Monday, July 18, 2011

Pages of History: gifts of books makes me very happy!

It's amazing what comes through the doors of the print shop, and I'm so thankful for the folks who have helped me build up a collection of historic items. Recently a kind reader brought by two books on Texas: "The Indian Wars and Pioneers of Texas," and "Maury's Manual of Geography," with a special supplement on Texas Geography.
For someone like me who loves history, this was like winning a year's supply of Blue Bell Ice Cream (Homemade Vanilla). What a treat.
The geography manual includes a colorized map of Texas from 1878. A lot of the counties have changed shape since then -- some, like Crockett County and Tom Green County used to be quite huge. An engraving of the Capitol Building in Austin is included -- and it's not the pink granite Capitol we'd recognize. Another image shows the Alamo, in ruins, as it must have appeared when the manual was published.
Map of Texas, 1878
I'm fascinated by these old maps and the descriptions of various Texas towns. Dallas is mentioned, with a population of 10,358. Houston, with 16,513, is not the largest community listed: that distinction goes to Galveston, with a population of 22,248. Cities like Lubbock and Amarillo are not even listed, though our neighbor to the north, Fredericksburg, is mentioned, at a population of 2,000.
John Henry Brown's book
The binding on the old geography book has given up the ghost, but the pages, for the most part are still there, though brittle and fragile. Though I could not find a publication date, a quick look on the Internet suggests the book was published in 1880 by L. E. Daniell of Austin. The book was printed and bound in St. Louis.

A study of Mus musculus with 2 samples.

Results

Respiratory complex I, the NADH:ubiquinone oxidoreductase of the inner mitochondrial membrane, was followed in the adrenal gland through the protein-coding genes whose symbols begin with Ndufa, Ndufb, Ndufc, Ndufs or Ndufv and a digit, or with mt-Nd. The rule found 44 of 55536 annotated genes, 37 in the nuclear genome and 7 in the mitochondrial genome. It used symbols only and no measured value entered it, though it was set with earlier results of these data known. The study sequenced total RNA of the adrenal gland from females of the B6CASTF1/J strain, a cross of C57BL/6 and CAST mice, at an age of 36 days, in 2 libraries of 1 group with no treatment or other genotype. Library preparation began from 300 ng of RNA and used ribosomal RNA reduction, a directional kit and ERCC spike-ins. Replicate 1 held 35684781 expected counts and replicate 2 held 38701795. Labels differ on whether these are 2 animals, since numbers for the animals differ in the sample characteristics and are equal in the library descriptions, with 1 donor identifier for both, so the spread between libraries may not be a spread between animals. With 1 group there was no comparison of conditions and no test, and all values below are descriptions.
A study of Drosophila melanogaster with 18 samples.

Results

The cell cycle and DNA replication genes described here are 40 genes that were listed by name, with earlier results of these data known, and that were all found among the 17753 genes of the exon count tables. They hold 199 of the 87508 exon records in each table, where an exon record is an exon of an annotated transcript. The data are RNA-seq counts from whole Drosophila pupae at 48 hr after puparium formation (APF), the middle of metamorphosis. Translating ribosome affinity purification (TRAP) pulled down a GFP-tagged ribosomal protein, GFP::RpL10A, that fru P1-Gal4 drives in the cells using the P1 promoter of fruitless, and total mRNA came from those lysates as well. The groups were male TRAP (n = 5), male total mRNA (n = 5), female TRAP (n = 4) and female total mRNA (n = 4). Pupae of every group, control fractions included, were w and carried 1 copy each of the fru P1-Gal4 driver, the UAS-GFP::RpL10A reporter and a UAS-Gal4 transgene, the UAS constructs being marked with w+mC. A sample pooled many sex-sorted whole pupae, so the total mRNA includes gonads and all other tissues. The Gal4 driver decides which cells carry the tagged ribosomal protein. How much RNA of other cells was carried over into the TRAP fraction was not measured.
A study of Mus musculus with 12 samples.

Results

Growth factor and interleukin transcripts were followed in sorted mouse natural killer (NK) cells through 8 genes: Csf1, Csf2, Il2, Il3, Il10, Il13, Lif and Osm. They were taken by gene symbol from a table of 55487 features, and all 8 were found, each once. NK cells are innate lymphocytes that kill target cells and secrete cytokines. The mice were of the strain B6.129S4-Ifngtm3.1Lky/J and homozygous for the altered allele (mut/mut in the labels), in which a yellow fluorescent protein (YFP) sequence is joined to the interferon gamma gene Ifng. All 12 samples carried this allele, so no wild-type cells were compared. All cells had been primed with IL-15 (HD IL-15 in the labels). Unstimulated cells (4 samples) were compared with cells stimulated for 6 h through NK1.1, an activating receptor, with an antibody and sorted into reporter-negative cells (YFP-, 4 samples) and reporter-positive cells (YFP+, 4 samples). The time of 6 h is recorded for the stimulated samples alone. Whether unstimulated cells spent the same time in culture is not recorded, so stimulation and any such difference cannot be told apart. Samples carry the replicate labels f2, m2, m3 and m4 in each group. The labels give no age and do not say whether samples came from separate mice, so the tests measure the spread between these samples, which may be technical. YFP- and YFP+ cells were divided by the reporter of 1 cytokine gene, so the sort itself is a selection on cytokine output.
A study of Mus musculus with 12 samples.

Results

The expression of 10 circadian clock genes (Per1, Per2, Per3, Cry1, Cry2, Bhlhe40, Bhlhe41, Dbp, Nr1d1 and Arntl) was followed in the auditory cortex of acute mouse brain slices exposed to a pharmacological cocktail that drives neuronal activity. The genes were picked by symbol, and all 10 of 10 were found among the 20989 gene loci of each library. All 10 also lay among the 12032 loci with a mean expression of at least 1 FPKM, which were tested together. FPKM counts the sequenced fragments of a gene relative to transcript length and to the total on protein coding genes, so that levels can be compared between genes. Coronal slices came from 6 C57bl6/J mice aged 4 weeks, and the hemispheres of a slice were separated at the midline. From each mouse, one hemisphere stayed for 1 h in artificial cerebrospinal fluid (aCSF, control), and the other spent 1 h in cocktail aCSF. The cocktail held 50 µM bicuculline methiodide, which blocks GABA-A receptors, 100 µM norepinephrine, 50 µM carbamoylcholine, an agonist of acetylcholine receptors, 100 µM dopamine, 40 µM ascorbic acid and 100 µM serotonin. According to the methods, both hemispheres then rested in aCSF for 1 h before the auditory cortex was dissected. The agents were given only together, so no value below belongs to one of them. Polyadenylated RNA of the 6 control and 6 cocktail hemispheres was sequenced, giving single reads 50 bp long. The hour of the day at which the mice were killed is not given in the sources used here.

It's a much bigger book than the geography book, with 762 pages, and many illustrations. The first part of the book is a narrative of conflicts with the various Indian groups across the state; the second, a series of mini-biographies of many different pioneers. The book was written by John Henry Brown.
I looked to find local families listed and have found quite a few references to Kerrville. This is a book I will study for many years, I think, and I am thrilled to add it to my collection of Texana.
Joseph A. Tivy
The book has a long biographical sketch on Joseph A. Tivy, Kerrville's first mayor, and the gentleman who gave land for our public schools. (Joshua Brown also gave land for public schools, but that is another story.)  The sketch reveals several new facts about Capt. Tivy I never knew -- and will work them into a column very soon. I think the story might even shed some light on a mysterious set of photographs I have, some of which show Capt. Tivy's hotel here in Kerrville.
Other names include the Dieterts, the Schreiners, and families from Comfort and Fredericksburg.
Let me say, again, how thankful I am to all of those who've brought by historical items. Even photographs showing Kerrville and Kerr County in days gone by -- which I can copy and give back to you -- are so welcome.
Until next week, all the best.
Joe Herring Jr. is a Kerrville native who collects items showing Kerr County's history.  This column originally appeared in the Kerrville Daily Times July 16, 2011.

For more information about Joe's book, which has over 200 historic photographs
 of Kerrville, please click here.

1 comment:

  1. Joe,
    Thank you for sharing all the old stories and photos that you receive.

    We truly enjoy all the information that you provide us.